With much of the island free from development (and roads for that matter), there's plenty of nature to explore on foot. The waters off the island and around the surrounding islets are also incredibly rewarding, both above and below the surface.
Exploring La Digue's recesses by foot will enable you to experience the best of what this little island has to offer. Tracks are not always well defined and are thus difficult to find and to follow; it's advisable to go with a guide – Sunny Trail Guide, Paradise Tours and Coco Trail are reliable options.
Tackling Nid d'Aigle, the highest point on La Digue (333m), is more of a challenge than ever. With the central section of the island-topping ridge heavily overgrown, it means making a much steeper ascent. From the steps leading up to the doorway of Bellevue restaurant, you'll see a trail off to the right signposted as 'To the Mountain'. Within a minute or two there is an inconspicuous fork in the path (so keep your eyes peeled at the treeline); the less trodden one to the right leads up to Nid d'Aigle. While it's only 300m to the summit, it climbs more than 100m in elevation over this distance, some of it over large rocks, some up slippery paths. When you reach an intersection on the ridge turn right and Nid d'Aigle (no sign) is less than a minute away. Stand on the rocks and soak up your rewards.
If you'd like a more gentle climb (with imperceptibly less lofty views), take the option to the left at the fork above Bellevue. This slightly longer route also leads to a ridge-top path, from where you'll need to turn left. From there you'll soon see the telecom tower, and further on you'll find some ruins of old buildings and some large sculpted boulders that make ideal viewpoints. This path continues down to La Passe, but to continue on this way requires a guide as it is heavily overgrown.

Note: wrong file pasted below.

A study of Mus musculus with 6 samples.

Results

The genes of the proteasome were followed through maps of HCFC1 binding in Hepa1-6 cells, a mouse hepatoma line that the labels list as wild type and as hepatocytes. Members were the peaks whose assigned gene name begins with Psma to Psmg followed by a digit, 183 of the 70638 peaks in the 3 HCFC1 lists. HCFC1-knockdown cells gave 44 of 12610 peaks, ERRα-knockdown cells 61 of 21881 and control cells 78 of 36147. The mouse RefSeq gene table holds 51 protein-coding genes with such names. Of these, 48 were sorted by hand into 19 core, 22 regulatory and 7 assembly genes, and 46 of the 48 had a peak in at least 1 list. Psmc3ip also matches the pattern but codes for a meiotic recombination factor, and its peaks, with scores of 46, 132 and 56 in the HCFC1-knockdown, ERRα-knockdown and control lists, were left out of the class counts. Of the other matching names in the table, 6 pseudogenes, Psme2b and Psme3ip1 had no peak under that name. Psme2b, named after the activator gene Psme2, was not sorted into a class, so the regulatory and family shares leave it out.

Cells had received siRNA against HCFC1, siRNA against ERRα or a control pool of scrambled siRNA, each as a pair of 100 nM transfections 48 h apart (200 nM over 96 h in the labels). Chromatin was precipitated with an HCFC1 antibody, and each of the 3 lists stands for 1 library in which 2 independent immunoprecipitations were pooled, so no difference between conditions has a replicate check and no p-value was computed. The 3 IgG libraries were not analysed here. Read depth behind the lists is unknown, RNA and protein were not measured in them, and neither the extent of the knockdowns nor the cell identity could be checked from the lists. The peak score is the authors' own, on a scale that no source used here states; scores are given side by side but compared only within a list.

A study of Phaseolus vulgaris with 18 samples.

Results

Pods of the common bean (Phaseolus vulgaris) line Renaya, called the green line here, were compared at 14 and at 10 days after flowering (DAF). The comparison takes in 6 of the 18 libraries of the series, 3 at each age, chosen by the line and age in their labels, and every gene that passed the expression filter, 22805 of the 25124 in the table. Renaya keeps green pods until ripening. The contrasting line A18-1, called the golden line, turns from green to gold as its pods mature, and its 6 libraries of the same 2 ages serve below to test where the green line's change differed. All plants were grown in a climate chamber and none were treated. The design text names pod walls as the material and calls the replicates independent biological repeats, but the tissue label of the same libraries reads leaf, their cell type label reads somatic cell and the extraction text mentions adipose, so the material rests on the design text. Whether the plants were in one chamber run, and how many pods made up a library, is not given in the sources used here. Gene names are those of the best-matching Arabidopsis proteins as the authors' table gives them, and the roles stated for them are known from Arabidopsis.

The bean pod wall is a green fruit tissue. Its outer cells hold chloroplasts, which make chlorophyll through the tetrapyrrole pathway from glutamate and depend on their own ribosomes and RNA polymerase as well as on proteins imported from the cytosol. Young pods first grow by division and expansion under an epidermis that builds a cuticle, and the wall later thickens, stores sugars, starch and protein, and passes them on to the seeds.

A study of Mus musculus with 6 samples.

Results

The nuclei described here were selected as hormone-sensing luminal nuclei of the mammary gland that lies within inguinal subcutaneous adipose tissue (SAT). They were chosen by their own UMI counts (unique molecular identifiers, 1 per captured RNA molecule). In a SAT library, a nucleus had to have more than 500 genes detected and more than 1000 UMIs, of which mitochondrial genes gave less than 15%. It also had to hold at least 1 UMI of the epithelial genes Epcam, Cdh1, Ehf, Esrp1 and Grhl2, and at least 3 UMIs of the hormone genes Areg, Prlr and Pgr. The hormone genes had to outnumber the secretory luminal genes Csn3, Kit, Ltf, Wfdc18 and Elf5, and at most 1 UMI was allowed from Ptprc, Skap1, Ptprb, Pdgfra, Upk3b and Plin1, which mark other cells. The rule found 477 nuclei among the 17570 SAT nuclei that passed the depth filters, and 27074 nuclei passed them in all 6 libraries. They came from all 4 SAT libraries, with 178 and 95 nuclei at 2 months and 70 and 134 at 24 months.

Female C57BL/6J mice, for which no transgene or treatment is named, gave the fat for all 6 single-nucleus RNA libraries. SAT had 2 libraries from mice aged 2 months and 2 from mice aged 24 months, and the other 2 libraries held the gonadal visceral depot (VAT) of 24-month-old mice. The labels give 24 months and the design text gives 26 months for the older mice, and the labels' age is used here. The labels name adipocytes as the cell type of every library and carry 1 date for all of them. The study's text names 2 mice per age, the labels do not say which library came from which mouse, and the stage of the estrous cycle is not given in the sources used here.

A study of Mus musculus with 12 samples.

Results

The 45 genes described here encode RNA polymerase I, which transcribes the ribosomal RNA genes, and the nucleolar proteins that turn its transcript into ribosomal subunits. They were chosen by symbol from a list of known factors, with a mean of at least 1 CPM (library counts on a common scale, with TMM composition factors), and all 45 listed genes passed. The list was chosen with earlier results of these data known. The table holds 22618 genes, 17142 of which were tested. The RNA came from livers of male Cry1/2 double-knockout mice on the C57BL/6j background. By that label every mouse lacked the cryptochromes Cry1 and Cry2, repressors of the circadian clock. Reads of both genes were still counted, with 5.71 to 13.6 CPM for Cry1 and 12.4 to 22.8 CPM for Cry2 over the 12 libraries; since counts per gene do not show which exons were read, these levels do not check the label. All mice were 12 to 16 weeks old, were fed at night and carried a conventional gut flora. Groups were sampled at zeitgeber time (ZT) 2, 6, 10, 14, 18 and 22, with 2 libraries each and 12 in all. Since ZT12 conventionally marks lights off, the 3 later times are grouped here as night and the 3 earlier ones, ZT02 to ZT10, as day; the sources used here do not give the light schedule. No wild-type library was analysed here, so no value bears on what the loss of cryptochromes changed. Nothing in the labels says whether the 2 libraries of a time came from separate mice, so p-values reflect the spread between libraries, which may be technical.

Grand Anse to Anse Cocos
From Loutier Coco restaurant, it's an easy 400m walk to Petite Anse – simply stroll along Grand Anse and then up and over the ridge on the fairly well-defined path. Once at Petite Anse, the path to Anse Cocos starts immediately and moves inland from behind the juice stands at the southern end of the beach. From there it's another 900m to the wonders of Anse Cocos.
Grand Anse to Anse Marron (& on to Anse Source d'Argent)
Part walk, part crawl, part balancing act – this option is the most adventurous and easily the most scenic. The coastline between Grand Anse and Anse Marron is extremely alluring: a string of hard-to-reach inlets lapped by azure waters, with the mandatory idyllic beach fringing the shore, and vast expanses of chaotic granite boulders. At some points you'll need to squeeze through claustrophobic spaces between balanced boulders, while at other times you'll need to climb atop them and carefully hop from one to another.
From Loutier Coco, it takes roughly 1¼ hours to reach Anse Marron, a gem of solitude. It's poorly marked; you'll definitely need a guide. From Anse Marron, you can continue as far as Anse Source d'Argent at low tide, but there's a short section where you'll have to walk waist- or chest-deep in the water. If you do continue until Anse Source d'Argent, you will be asked to pay Rs 115 when you exit L'Union Estate coconut plantation.
Around Anse Source d'Argent
From Anse Source d'Argent, a memorable adventure consists of climbing up the granite hills that loom above the southwest coast before getting down to Anse Pierrot, from where you can continue along the shore to Anse aux Cèdres and Anse Bonnet Kare (and back to Anse Source d'Argent along the shore). The beauty of these stunning swathes of sand lies in the fact that they're totally secluded and there's no road here. It's an arduous climb to reach the top of the granite hills but the panoramic views will be etched in your memory forever. It's a half-day excursion. It's also possible to continue as far as Anse Marron and up to Grand Anse.
Taking a boat excursion to nearby Île Cocos, Félicité and Grande Soeur will be one of the main highlights of your visit to the Seychelles and it's well worth the expense. Full-day tours typically stop to snorkel off Félicité, Grande Soeur and Petite Soeur, with some also including Île Cocos.
Diving & Snorkelling
La Digue provides excellent access to a range of fantastic dive sites, including the iconic White Bank. Snorkelling is also top-notch. Sweet spots around the island include Anse Sévère and Anse Patates. Île Cocos and Félicité seem to be tailored to the expectations of avid snorkellers, with glassy turquoise waters and a smattering of healthy coral gardens. All boat tours include snorkelling stops.